Africa’s COVID-19 vaccinations have dropped below 2 percent of the world’s total inoculations, according to the World Health Organization (WHO) in Africa.
Data from the agency shows the continent has administered just over 22 million doses, which accounts for 1.69 percent of the 1.3 billion COVID-19 vaccines given globally so far. Two weeks ago, Africa accounted for about 2 percent of the world’s vaccinations.
The health agency attributes this drop to a variety of factors, including a supply crunch, insufficient funds, slow rollout and vaccine hesitancy.
Approximately 40 nations on the continent rely on doses from the WHO’s COVAX initiative and the Serum Institute of India. These countries have recently struggled to obtain the vital jabs as vaccines made in India are diverted for domestic use amid a worsened situation there.
Other countries have also been unable to ensure fast and efficient rollout of mass vaccination programs for various reasons.
WHO says that despite eight African nations having already used all of their COVAX doses, nine countries have given less than a quarter of their doses and 15 countries have used less than half.
“It may be that some of the reporting from African countries to WHO is incomplete,” explains Dr Ephrem Lemango, an expert on essential immunization and primary health care with WHO, “but it seems that many countries need to step up efforts to use their vaccines.”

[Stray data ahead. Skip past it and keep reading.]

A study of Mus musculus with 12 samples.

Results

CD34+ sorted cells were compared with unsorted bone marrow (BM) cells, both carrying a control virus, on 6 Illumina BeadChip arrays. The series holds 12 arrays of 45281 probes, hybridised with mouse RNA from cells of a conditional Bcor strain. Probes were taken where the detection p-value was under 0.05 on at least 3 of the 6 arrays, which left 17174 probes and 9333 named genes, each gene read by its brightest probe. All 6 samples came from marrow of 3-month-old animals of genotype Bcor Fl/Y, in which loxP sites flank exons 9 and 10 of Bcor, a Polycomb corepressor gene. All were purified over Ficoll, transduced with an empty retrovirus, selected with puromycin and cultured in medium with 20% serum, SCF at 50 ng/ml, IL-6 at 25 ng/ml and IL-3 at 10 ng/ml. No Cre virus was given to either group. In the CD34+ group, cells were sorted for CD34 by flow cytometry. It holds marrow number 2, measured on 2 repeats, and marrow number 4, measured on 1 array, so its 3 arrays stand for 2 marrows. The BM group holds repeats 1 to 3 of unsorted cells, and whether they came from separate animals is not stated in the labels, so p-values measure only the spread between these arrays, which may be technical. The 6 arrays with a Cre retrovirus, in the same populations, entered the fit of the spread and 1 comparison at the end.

Dr Richard Mihigo, World Health Organization (WHO) Africa’s Immunization and Vaccines Development Programme Coordinator urged countries to step up their vaccinations using the available jabs as the hunt for more continues.
“We’re in a very tough spot when it comes to supply,” sais Dr Mihigo.
“What is crucial for Africa is that we urgently use all the doses we have to protect our most vulnerable populations.”
On the other hand, WHO notes that most African countries allocated funds to cover the cost of rolling out the first batch of vaccines, and some to reach all health workers. Thereafter, funding shortfalls have disrupted the programs as the number of people to be reached rises and areas to be covered located further away from major cities.
The health agency in Africa has also warned that dwindling vaccine supplies may force some countries to mix vaccines, with people getting different second vaccine jabs from those they received for the first shot.
“WHO recommends that countries stick with the same vaccine for both doses, yet with supplies dwindling, countries may be forced to mix second doses, or risk long delays between doses,” it said a statement.
By Friday, the continent had reported 4,666,162 COVID-19 infections with 125,548 deaths, according to the Africa Centres for Disease Control and Prevention.